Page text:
Kevin Bryce thought he was just at Murrayfield yesterday to be checked for a minor injury – but instead found himself at half-an-hour’s notice facing the media as the newest member of Scotland’s Rugby World Cup squad.
Just when it seemed as if the Scots had come through a gruelling three month build-up and four-game warm-up programm without damage, a bulging disc in Stuart McInally’s neck forced an eleventh hour change and the Glasgow hooker – the 21st Warrior to be going to the World Cup – is the beneficiary.
Bryce (27) is the son of Heriot’s long-time front row forward Jockie Bryce, and had absolutely no inkling of what was happening as he arrived at the national stadium.
“I picked up a slight injury playing for Glasgow at the weekend and thought as one of the reserve list for the World Cup I just needed to be checked by (team doctor) James Robson,” he said. “I couldn’t believe it, I managed a quick call to the old man but that was it.
“Obviously I’m gutted for Rambo (McInally) and thinking of him right now, and it’s been a bit of a whirlwind today.”
It helped that head coach Vern Cotter clearly likes the cut of Bryce’s gib, having capped him for Scotland before he’d hardly played a game for Glasgow, and that as with some back row experience he is a seamless fit into McInally’s place more than veteran Scott Lawson or his Warriors team-mate Pat McArthur.
Bryce actually made his Scotland debut as an emergency back row replacement against Canada on tour last summer, also playing against South Africa.
The problem with the cruelly unlucky McInally’s neck only manifested itself gradually last week, said the coach.
“It’s one of those things,” said Cotter, forced into a change just 48 hours before the Scots head for Gloucester to start final preparations for their opening game against Japan a week tomorrow.
“We thought that he’d just strained his neck but when he began to feel something down his arm, the doc took him very quickly for an MRI where they found the progressively bulging disc.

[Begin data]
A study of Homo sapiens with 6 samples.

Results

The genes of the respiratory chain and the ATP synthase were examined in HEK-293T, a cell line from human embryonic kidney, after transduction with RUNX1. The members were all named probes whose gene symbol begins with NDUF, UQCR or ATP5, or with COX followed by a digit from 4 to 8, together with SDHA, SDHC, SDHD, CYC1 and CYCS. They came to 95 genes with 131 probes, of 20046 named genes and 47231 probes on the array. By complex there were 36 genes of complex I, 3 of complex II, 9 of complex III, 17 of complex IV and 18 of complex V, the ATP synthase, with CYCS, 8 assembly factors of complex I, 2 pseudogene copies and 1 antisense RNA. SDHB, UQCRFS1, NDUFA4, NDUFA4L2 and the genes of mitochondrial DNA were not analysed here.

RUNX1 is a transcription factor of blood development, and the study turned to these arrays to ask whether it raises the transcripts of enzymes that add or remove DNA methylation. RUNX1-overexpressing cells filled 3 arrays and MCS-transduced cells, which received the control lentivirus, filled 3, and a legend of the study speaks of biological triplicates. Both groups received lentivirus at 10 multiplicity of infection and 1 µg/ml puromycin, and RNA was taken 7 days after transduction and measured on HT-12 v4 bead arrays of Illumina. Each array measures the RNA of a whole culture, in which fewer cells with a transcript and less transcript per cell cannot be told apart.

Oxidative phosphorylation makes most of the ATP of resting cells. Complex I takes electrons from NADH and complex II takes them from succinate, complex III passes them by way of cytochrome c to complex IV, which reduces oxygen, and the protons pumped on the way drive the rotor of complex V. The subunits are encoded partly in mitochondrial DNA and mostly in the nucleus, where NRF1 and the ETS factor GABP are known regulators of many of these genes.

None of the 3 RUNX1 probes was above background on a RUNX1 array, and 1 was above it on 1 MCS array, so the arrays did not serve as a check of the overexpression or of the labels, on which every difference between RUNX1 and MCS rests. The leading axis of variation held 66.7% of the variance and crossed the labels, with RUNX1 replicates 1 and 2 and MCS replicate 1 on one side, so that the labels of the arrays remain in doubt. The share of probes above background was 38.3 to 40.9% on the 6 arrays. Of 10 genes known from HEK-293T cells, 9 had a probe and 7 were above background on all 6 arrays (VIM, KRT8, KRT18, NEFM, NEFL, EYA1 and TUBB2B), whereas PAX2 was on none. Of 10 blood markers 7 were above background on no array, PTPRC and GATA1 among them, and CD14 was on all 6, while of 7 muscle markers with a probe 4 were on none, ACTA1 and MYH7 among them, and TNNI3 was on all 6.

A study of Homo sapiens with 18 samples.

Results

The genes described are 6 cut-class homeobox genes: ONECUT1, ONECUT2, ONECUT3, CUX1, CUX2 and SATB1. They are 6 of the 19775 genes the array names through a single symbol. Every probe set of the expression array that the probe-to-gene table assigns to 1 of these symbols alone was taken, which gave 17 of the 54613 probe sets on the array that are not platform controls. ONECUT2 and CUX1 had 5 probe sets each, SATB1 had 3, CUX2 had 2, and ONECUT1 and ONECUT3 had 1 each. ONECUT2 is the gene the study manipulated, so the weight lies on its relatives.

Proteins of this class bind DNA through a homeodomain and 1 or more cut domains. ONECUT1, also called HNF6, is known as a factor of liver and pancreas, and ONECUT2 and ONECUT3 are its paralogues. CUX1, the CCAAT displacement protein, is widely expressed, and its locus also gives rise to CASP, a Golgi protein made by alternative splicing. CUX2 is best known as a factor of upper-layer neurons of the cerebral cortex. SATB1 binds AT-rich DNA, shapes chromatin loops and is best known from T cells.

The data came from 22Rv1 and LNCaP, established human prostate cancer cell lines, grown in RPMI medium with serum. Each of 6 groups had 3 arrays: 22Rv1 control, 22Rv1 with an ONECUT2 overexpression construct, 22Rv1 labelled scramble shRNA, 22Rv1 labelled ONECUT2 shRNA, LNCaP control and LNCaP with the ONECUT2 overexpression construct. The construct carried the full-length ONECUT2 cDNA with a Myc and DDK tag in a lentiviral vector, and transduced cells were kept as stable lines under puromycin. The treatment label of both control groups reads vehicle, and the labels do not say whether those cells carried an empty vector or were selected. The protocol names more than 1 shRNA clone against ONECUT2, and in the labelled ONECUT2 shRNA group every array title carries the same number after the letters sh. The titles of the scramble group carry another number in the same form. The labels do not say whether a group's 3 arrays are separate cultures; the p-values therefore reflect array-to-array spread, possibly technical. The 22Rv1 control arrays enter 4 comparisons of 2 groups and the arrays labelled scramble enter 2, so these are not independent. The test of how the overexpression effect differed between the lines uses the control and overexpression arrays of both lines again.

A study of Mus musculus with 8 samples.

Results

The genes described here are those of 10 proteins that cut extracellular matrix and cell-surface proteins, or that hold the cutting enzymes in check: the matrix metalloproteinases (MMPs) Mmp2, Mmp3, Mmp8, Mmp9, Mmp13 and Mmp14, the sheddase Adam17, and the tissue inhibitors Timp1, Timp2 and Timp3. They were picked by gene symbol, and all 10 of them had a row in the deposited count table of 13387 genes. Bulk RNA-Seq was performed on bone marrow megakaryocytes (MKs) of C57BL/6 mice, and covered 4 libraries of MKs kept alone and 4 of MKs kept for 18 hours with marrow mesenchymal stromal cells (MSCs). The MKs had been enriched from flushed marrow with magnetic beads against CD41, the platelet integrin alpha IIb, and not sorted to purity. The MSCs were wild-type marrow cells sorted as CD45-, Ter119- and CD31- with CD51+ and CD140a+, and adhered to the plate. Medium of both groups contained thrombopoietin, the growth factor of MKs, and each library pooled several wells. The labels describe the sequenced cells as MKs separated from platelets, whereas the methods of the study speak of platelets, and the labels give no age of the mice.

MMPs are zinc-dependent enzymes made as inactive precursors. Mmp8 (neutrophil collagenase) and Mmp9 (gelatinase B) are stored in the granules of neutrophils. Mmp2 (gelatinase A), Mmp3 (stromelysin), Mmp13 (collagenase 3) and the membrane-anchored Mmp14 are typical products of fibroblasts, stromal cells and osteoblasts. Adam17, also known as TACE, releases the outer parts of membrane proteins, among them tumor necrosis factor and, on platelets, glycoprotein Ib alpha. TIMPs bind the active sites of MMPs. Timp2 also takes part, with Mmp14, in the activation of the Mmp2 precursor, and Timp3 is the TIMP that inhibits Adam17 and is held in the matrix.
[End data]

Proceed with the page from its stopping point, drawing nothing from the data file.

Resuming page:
“It’s terrible for Stuart, he put in so much work over so many months, was at the send-off dinner and now unfortunately he can’t come with us. We feel desperately for him, but it’s opened up this opportunity for Kevin.”
Bryce’s greater versatility won him his place, but there’s plenty more about the Alloa boy that the head coach likes.
“Kevin is robust,” he went on. “He’s a very good ball carrier and he’s an aggressive character who likes bringing an physical edge to his game.
“He’s a big, strong character and real competitor.”
Bryce is something of a late developer, having played fro Heriot’s like his father while working in the family building business.
“That was doing my nut in,” he laughed. “But it’s taken me some time, I’ve been at Glasgow for three seasons and played just the one game in the first season. At one point I’d had more games for Scotland than for Glasgow.
“I feel I’ve come on leaps and bounds. The switch from amateur rugby to pro rugby is tough at hooker, because everything technical is so much quicker, but I’ve had great help from Scott (Lawson) and it’s gone well.”
Bryce had been emergency cover whem McInally had a stomach bug in the warm-ups but had returned to Glasgow and unpacked his bags.
“I never gave it another thought really until I got here this morning and was told,” he said. “It’s now up to me to grasp the oppportunity.”